Many countries’ central banks are buying gold in part because of its very affordable price. Several countries have made their first major purchase of gold reserves, some for the first time in over 10 years. Could we be seeing an upward trend for gold soon?
This summer, Poland made its largest gold investment since 1998 adding about nine tons to its bullion reserves in July and August. Thought the country still ranks outside the 30 biggest holders, it is also one of the largest additions by a European Union nation since 1998 making their reserves the highest they have been since 1983.
Economists identify gold’s recent drop to the lowest price in more than a year as a catalyst for Poland’s new purchase.
“The National Bank of Poland reserve management policy is based on diversification,” said Marcin Mazurek, a senior economist at mBank SA. “Perhaps the basic criterion is the low price of the gold, combined with the expectation for higher global inflation.”
Poland’s purchase “suggests gold’s appeal to central banks might be widening,” Matthew Turner, a strategist at Macquarie Group Ltd. In London, said in a recent report. “A broader and more representative base of central bank buyers can only be good news [for the gold market.]”
And according to Natalie Dempster, managing director of central banks ad public policy at the producer-funded World Gold Council, countries may be buying more gold amid expectations that the international monetary system will likely shift away from the dollar toward other currencies.
“Central banks have three main objectives when they are thinking about reserve assets: to keep their assets safe, to keep their assets liquid and to generate returns,” Dempster said.
“Gold can help to meet all three policy objectives.”
It seems that many central banks are purchasing gold this year alone. Central Banks have bought a total of 264 tons of gold this year, by far the most at this stage of the year in the last six years, according to Macquarie analysts.
Russia has by far been the biggest buyer in gold recently passing China for the fifth largest gold reserves in the world. Russia’s gold investments are largely attributed to the nation’s attempt to diversify from American investments; Russia mainly sold American bonds in order to purchase their gold. Currently, it is estimated that Russia holds nearly 1908.8 tons of gold.
France (2,436 tons) and Italy (2,451.8 tons) are the next two countries with the largest gold reserves in the world. The International Monetary Fund (IMF) is reported to have more gold reserves than Italy (2,814.1 tons).
In 2016, Germany put as much as $8 billion into gold coins, bars and exchange traded commodities, setting a new annual record for Germany and making it the world leader in gold investing at that point in time.
In a country that has gone through eight different currencies over the last 100 years, its no wonder that a 2016 survey found that 42 percent of Germans trust gold more than they do traditional paper currency.
Previously, Germany had rarely registered on any radar in regards to gold, as their first ETC didn’t even appear on the market until 2007. But after the financial crisis in 2008, the Germans sought a more reliable store of value as German investors worried about the state of their own banking system.
This led to the European Central Bank slashing interest rates, and smaller banks charging customers to hold their cash while yields on German bonds dropped into the negative. The combination of these events piqued German investors’ interest in gold.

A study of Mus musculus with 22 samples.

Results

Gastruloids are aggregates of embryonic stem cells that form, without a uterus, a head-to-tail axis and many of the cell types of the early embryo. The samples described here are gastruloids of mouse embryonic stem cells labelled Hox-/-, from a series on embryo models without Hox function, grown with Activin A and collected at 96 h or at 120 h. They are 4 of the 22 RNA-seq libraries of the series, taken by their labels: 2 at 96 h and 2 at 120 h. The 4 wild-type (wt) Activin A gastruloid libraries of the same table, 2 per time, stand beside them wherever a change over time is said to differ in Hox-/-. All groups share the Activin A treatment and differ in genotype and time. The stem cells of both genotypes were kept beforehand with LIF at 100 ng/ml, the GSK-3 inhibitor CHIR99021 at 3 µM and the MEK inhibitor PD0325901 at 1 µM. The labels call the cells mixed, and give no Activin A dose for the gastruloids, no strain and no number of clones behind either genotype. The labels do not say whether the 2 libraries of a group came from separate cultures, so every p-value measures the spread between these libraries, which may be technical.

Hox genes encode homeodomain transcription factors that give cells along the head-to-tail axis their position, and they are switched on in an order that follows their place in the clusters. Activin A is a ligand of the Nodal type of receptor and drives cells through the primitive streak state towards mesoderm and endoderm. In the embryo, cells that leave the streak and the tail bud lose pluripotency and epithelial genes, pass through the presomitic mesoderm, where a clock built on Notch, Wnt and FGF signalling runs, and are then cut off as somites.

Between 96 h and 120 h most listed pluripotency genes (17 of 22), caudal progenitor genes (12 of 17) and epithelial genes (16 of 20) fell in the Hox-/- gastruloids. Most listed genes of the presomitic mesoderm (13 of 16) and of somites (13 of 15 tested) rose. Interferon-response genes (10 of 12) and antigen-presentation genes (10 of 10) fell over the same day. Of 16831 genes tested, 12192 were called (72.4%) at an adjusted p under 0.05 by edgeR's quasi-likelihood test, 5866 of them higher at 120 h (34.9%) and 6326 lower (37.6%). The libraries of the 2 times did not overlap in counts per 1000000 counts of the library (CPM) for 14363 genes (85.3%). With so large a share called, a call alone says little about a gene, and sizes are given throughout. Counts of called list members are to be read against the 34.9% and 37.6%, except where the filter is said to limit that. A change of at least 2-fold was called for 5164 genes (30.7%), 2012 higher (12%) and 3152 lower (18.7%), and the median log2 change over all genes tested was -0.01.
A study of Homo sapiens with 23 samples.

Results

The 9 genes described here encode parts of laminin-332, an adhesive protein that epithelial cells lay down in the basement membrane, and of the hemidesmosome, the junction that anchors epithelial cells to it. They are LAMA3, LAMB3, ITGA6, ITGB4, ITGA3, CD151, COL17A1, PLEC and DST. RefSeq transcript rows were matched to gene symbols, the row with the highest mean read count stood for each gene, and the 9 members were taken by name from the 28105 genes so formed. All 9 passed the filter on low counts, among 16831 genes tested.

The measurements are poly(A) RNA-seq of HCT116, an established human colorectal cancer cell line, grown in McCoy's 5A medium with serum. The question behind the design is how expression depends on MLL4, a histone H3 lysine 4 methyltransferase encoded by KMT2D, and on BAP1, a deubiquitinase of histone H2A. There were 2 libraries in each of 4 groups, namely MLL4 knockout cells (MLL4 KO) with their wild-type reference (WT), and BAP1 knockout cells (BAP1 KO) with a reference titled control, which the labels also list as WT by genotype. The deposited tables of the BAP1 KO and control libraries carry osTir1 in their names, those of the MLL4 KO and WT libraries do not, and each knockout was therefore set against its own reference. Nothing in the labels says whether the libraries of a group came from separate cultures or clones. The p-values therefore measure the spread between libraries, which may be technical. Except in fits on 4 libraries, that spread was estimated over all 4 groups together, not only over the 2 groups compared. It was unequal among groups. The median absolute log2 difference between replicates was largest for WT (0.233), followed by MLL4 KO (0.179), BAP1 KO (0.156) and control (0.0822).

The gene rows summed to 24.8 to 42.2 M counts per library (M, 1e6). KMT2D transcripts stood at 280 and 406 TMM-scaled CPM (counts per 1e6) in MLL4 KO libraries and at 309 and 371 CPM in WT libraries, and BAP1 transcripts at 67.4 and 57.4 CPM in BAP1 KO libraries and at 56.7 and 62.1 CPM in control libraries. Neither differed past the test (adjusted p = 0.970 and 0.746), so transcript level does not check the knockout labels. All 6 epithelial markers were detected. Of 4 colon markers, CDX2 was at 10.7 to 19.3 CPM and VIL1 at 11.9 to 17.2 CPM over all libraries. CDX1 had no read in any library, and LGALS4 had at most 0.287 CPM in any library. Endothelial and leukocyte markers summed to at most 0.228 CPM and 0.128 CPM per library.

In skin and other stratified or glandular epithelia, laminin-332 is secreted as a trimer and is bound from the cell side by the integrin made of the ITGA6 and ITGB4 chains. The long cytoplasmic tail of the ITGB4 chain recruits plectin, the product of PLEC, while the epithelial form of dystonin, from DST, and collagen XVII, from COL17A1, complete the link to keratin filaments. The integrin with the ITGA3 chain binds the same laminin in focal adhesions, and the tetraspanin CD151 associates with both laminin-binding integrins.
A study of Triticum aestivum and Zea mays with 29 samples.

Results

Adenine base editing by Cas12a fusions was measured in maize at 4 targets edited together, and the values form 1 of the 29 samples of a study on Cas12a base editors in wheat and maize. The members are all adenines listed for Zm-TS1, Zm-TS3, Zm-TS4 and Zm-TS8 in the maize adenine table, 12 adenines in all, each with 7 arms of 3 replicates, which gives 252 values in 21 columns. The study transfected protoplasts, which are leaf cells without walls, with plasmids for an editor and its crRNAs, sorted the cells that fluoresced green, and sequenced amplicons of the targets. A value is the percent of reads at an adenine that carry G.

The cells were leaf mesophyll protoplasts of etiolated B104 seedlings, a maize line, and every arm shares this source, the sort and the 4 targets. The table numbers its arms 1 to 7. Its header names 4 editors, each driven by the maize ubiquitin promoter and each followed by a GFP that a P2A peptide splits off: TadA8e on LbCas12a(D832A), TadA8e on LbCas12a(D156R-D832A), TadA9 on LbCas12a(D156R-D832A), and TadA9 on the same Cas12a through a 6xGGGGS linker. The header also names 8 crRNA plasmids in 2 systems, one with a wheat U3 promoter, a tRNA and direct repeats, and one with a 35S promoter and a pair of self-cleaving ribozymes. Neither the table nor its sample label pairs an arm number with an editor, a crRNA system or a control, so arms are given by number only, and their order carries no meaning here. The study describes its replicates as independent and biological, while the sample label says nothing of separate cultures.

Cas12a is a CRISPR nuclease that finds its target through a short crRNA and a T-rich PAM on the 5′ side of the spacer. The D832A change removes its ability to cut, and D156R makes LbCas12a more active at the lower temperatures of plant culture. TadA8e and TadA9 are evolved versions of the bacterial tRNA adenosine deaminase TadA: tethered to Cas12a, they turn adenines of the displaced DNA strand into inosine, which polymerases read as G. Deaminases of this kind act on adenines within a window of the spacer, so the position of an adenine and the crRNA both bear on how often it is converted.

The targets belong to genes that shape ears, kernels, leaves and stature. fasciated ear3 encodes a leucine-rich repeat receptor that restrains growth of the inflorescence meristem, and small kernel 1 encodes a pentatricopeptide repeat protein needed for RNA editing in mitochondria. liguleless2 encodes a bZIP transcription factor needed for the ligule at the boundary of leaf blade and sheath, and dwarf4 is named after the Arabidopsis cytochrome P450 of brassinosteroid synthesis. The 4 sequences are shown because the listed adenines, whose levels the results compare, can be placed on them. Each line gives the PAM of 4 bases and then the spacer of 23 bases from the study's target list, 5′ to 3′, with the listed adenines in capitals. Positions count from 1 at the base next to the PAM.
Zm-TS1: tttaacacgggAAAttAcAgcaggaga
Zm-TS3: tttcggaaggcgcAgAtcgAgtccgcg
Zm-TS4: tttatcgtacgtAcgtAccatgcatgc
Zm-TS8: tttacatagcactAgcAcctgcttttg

Over the last 5 years, Germany’s central bank, The Deutsche Bundesbank, repatriated more than 675 metric tons of Cold War-era gold from New York and Paris. Today the central bank of Germany has the second largest gold reserves in the world (3,371 tons), following the Federal Reserve in the United States (8,133.5 tons).
These countries’ investment in gold seems to serve as a safe haven for the possibility of any sort of economic downturn, turmoil or recession. As countries diversify away from bonds and more toward gold, WGC analysts still believe there is room for further growth, citing a survey that shows latent demand in Germany holding strong with 59 percent in agreement that “gold will never lose its value in the long term.”
The Reserve Bank of India has also recently bought gold for the first time in nearly a decade in the last year, potentially signaling that gold may be making more of a rise in the near future. The RBI’s purchase of nearly 8.5 tons of gold increases their reserves to 566.23 tons as of last years annual report. That number is currently up to 573.10 tons. The RBI’s last major purchase of gold was in 2009 when it purchased 200 tons from the IMF in order to increase its reserves.
The RBI’s decision to buy gold is significant because unlike many other central banks, the RBI does not regularly trade gold. The RBI had sold close to $10 billion worth of US treasury securities between April and June of last year.
Other countries including the Netherlands, Japan, Switzerland, China, Kazakhstan, Turkey, and the Philippines have also recently added to their gold reserves in attempts to diversify from foreign currency.
But not all countries are buying in on gold. There are some who are using gold to pay off substantial national debts. Venezuela has been the largest seller of gold, selling nearly 25 tons of gold last year.
The confidence in gold’s future and the investments from various international central banks is good news for all gold investors. While central banks are continuing to stock up on gold, perhaps the value of gold (which has remained fairly stable the entire year) could being to rise based on the interest of larger countries and their central bankers.